Sen. Orrin Hatch, R-Utah, is interviewed in Salt Lake City, Thursday, Aug. 7, 2014.
If we were in the middle of tax reform and I thought I could get it done and people thought I could get it done and people were demanding that I get it done, you'd always have to put the country first. We'll just have to see. —Sen. Orrin Hatch

SALT LAKE CITY — Before and after being re-elected in 2012, Sen. Orrin Hatch vowed that his seventh term would be his last.

But with the Republican takeover of the Senate giving him a power boost, the 80-year-old senator might be having second thoughts. Hatch didn't close the door on running in 2018 when asked about it Thursday on KSL Newsradio's "The Doug Wright Show."

"If we were in the middle of tax reform and I thought I could get it done and people thought I could get it done and people were demanding that I get it done, you'd always have to put the country first. We'll just have to see," he said.

Rewriting the tax code is among Hatch's top priorities now that the GOP controls Congress.

The key question would be how voters, especially Republicans, would respond to Hatch changing his mind about running again, said Chris Karpowitz, co-director of the Center for the Study of Elections and Democracy at BYU.

"I would guess that his age would be an issue and the fact that he made assurances last time would be an issue," Karpowitz said, adding that Utahns at GOP caucus meetings were encouraged to give him one more term.

Hatch campaigned in 2012 on the idea that he would become chairman of the influential Senate Finance Committee if Republicans won the Senate. That didn't happen then, but it has now. He's in line to lead the panel that deals with taxation, national debt and health care programs such as Medicaid and Medicare.

The seven-term senator also stands to become president pro tem of the Senate, third in line of succession to the presidency behind the vice president and the U.S. House speaker. The position affords him a security detail and a driver, but he wasn't sure whether that's provided by the Secret Service or Capitol Police.

"I think the other question is then would he be able to put together an effective argument that in his position of leadership within the Senate that he's indispensable to goals that Utahns share with the Legislature," Karpowitz said.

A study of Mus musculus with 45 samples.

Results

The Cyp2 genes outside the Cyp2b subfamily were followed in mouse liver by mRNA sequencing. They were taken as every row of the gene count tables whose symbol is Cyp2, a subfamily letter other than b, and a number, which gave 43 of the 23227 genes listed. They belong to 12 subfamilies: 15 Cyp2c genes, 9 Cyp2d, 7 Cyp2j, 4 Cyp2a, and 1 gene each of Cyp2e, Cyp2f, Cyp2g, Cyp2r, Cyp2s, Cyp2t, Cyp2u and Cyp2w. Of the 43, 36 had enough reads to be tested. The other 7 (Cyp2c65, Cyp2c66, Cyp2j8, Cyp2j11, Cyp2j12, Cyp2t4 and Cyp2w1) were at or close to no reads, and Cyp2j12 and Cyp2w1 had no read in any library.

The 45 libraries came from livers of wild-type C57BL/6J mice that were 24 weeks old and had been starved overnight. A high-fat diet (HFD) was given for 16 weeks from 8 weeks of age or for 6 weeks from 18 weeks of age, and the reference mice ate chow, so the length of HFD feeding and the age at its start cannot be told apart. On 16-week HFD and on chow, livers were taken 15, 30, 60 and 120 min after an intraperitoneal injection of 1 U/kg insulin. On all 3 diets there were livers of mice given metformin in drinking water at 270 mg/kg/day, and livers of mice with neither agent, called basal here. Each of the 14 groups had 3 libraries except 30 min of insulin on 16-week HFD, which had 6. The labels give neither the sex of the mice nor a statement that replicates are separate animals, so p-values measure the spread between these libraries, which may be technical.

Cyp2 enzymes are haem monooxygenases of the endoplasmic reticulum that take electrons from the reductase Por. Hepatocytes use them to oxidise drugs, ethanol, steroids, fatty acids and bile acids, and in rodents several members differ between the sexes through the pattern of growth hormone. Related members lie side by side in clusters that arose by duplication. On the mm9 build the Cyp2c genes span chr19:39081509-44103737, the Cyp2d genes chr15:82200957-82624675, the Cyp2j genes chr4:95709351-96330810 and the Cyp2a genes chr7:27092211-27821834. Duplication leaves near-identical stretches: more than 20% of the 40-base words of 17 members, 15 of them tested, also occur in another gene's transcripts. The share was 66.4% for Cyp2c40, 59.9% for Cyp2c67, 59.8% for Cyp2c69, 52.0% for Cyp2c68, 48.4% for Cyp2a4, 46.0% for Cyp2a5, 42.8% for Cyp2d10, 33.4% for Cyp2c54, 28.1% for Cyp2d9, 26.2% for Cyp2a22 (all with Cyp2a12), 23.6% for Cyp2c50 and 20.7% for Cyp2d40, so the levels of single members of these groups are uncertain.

Hatch enjoys a 66 percent approval rating among Republicans and 48 percent overall, according the democracy center's latest poll in October.

Utah Republican Party Chairman James Evans didn't have much to say about Hatch potentially going after an eighth term.

"The party doesn't have a comment on that. We're focused on 2016. I'm sure Sen. Hatch's comments will make for some interesting conversations," Evans said.

Another Hatch campaign would throw a wrench into other Republicans' plans to run for the Senate in 2018.

Rep. Jason Chaffetz, who has flirted with running for the Senate, and former state Sen. Dan Liljenquist, who lost to Hatch in the 2012 GOP primary, are potential candidates. Former state GOP chairman Thomas Wright and Josh Romney have eyed the seat currently held by Utah's junior Sen. Mike Lee.

While Lee, who faces re-election in 2016, might have been vulnerable after the government shutdown last year, his resurgence of late could push potential GOP challengers to 2018.

As for running again, Hatch said he's putting all his energy the next four years into working for Utah and the country.


Hatch said he hopes Republicans will be able to work with President Barack Obama, but there's not much indication that they can. The senator said he's going to do everything in his power to "befriend" Obama over the next two years.

"If he'll work with some of us, he could go out of there feeling pretty good about his presidency," Hatch said. "If he doesn't, I mean, he's going to go out as the worst president in history."